HP innovation 'being undercut by legacy decline'

Meg Whitman

HP suffered a five per cent fall in revenue this past quarter, forcing it to adjust its financial outlook as it prepares to split into two businesses.

Hewlett-Packard's net revenue dropped to $26.8 billion, down from $28.2 billion a year ago, ahead of its split into an enterprise division and a printing and PCs unit later this year.

The tech giant's Enterprise Services group, which would comprise part of its enterprise division, doesn't look too healthy, however.

This group's revenue was down 11 per cent year on year to $4.9 billion this quarter, which ran from November 2014 to January 2015.

Its Enterprise Group (including servers, storage and networking) revenue was flat year on year at $6.9 billion.

While CEO Meg Whitman claimed the turnaround to a thriving HP remains on track, the numbers for HP's PCs and printing divisions were also down.

Personal Systems (which includes PCs) was flat year on year, while the printing group's revenue fell five per cent compared to last year, resulting in an overall drop in revenue for both groups of 1.8 per cent to $14 billion overall revenue.

However, Whitman pointed out that HP grew profit across all major business divisions, maintaining an overall operating margin of seven per cent.

She said in a statement: "We grew operating profit margins across all of our major business segments, increased investment in innovation, and executed well across key areas of our portfolio and in our separation activities. Our progress continues as we head into Q2."

Its Enterprise Group was running a 15.6 per cent profit margin, and enterprise services (applications, outsourcing and business services ) had a three per cent margin.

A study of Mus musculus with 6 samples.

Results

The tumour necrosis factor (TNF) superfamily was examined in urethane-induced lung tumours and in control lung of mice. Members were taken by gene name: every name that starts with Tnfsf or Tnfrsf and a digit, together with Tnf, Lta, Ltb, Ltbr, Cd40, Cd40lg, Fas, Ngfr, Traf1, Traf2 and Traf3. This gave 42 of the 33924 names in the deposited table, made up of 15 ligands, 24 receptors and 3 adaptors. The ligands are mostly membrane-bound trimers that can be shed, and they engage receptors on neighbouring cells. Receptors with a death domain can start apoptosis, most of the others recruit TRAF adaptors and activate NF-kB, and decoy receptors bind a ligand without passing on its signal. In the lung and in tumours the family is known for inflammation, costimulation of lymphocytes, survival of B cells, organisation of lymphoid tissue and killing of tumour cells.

Printing and PCs together had a 9.8 per cent operating margin.

TechMarketView analyst Kate Hanaghan said Whitman's strategy was boosting profits, but innovation at the company was being undermined by losses in printing and PCs.

She warned: "The colossal challenge HP faces in growing the Enterprise Services top line is apparent.

"Furthermore, progress made selling [social, mobile analytics and cloud] services just seems to get wiped out by the steep declines in its traditional business."

Despite the shrinking nature of HP's legacy businesses, Hanaghan added that such deals are crucial to the company, so it must continue to chase them.

Whitman also blamed a strong dollar, which reduced the value of overseas deals such as Deutsche Bank's staggered multi-billion investment in HP's Helion Managed Private Cloud when converted back to US currency.

The company has adjusted its financial outlook for 2015 since it was made in November, estimating earnings per share to take a 30 cent tumble to be in the range of $3.53 to $3.73.

Whitman said: "We'll work hard to offset these impacts through re-pricing and productivity, but fully mitigating currency movements of this size would require reducing investments and mortgaging our future. We won't do that."

While HP hasn't set a firm date for the split, it has said it will take place before the end of its current fiscal year, which ends in October.